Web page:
A new scheme to regulate short-term lets in Glasgow is set to go out to public consultation.

The proposed scheme follows changes this year to the Civic Government (Scotland) Act 1982 that allows local authorities to introduce a licensing framework for owners of properties intended for short-term rental.

While a number of property types are exempt from inclusion in a potential licensing scheme, the new legislation identifies properties intended for secondary letting, home letting, home sharing or home letting and home sharing as eligible for regulation.

The proposed scheme also sets out possible limits on the number of people that can be accommodated in relation to the number of rooms available in a property, a requirement for fire, gas and electrical safety standards to be met and seeks to apply a fit and proper person test to licence holders.

Under the revised civic government legislation, it would be become an offence to operate a short-term let without a licence and the proposed policy also establishes a complaints process for neighbours and tenants. Public liability insurance would also be required to be in place for the duration of any let and licence holders would be expected to act reasonably in relation to maintenance for communal areas of a property.

The draft policy also sets out expectations for waste management and puts forward that key boxes can only be attached to a property with prior, written permission of owners or the relevant authority.

Councillor Alex Wilson, Chair of the Licensing and Regulatory Committee, believes the draft licensing policy provides important safeguards for those neighbouring properties used for short-term lets.

Cllr Wilson said: “On-line booking for short term lets has transformed where people stay for their holidays and made it far easier for property holders to get involved in the rental market. But this explosion in short-term lets also directly impacts upon those living in neighbouring properties and can affect their quality of life if a let is poorly managed.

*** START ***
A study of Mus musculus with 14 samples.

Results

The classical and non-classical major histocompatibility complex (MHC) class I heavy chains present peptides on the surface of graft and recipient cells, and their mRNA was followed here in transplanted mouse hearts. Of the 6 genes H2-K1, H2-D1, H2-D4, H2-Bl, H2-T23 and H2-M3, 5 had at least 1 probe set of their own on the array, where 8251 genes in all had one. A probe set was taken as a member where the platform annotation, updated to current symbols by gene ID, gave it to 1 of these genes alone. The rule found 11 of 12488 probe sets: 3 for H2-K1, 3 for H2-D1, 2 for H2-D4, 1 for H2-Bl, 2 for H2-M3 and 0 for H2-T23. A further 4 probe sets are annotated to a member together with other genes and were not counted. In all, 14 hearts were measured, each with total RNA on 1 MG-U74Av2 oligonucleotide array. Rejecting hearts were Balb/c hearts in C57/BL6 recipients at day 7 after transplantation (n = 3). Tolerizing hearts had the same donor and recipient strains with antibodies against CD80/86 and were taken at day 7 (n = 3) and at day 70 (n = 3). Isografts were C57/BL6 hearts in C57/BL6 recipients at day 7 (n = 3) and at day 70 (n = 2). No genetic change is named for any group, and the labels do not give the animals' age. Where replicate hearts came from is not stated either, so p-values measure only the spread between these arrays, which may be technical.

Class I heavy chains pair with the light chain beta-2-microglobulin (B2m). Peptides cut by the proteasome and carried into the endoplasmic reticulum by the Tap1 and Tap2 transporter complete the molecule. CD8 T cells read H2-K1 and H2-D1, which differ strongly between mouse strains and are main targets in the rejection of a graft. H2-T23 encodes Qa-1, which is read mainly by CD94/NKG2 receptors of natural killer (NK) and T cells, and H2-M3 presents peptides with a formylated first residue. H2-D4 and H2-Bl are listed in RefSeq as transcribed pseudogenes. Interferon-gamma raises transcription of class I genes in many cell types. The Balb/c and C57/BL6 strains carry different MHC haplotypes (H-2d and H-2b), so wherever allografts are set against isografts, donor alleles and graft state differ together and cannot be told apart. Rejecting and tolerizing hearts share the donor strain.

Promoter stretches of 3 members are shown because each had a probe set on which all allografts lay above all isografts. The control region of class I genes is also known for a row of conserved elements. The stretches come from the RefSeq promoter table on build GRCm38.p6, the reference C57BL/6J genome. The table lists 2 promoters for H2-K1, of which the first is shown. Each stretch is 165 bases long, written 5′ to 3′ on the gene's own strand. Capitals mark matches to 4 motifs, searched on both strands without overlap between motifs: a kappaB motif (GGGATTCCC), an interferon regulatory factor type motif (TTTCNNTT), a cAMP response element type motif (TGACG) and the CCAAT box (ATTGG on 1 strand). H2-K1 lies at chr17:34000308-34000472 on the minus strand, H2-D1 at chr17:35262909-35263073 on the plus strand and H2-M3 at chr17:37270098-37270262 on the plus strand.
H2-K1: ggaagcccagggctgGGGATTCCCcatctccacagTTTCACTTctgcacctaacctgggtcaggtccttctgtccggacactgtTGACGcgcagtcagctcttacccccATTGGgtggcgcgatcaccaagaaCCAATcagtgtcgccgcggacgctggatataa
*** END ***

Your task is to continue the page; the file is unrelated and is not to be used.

“This draft policy is an attempt to redress the balance and give other residents some comfort that the short-term let in their close or community will be operated safely and appropriately.  The policy sets basic standards that any reasonable host should be able to achieve and so provide reassurances to neighbouring residents, but also those who rent the property.

“But it is vitally important that this policy is developed in conjunction with the community at large. We will be seeking views directly from a range of stakeholders, but our consultation on this issue will be open to all and we urge anyone with an interest in this issue to contribute their opinion. Full details of how to respond to the consultation will be released in due course.”

According to the Short-Term Lets Order that amended the Civic Government (Scotland) Act 1982, all licensing authorities will be able to establish a regulatory scheme form October 1 this year with all short-term lets expected to be licensed by Aril 1, 2024.  The operator of any short-term let that existed prior to October 1, 2022 will have until April 1, 2023 to submit a licensing application.

Current planning policy in Glasgow indicates that flats used for short stay accommodation must have planning permission and licensing applications must be accompanied by proof that planning consent is in place. Planning permission is not required for home sharing, secondary letting for a house and home letting for a house.

Further information on the start date for the public consultation will be released in the coming days. It is expected the consultation on the Short-Term Lets draft policy will last for at least six weeks.

A full version of the draft policy is available through this link.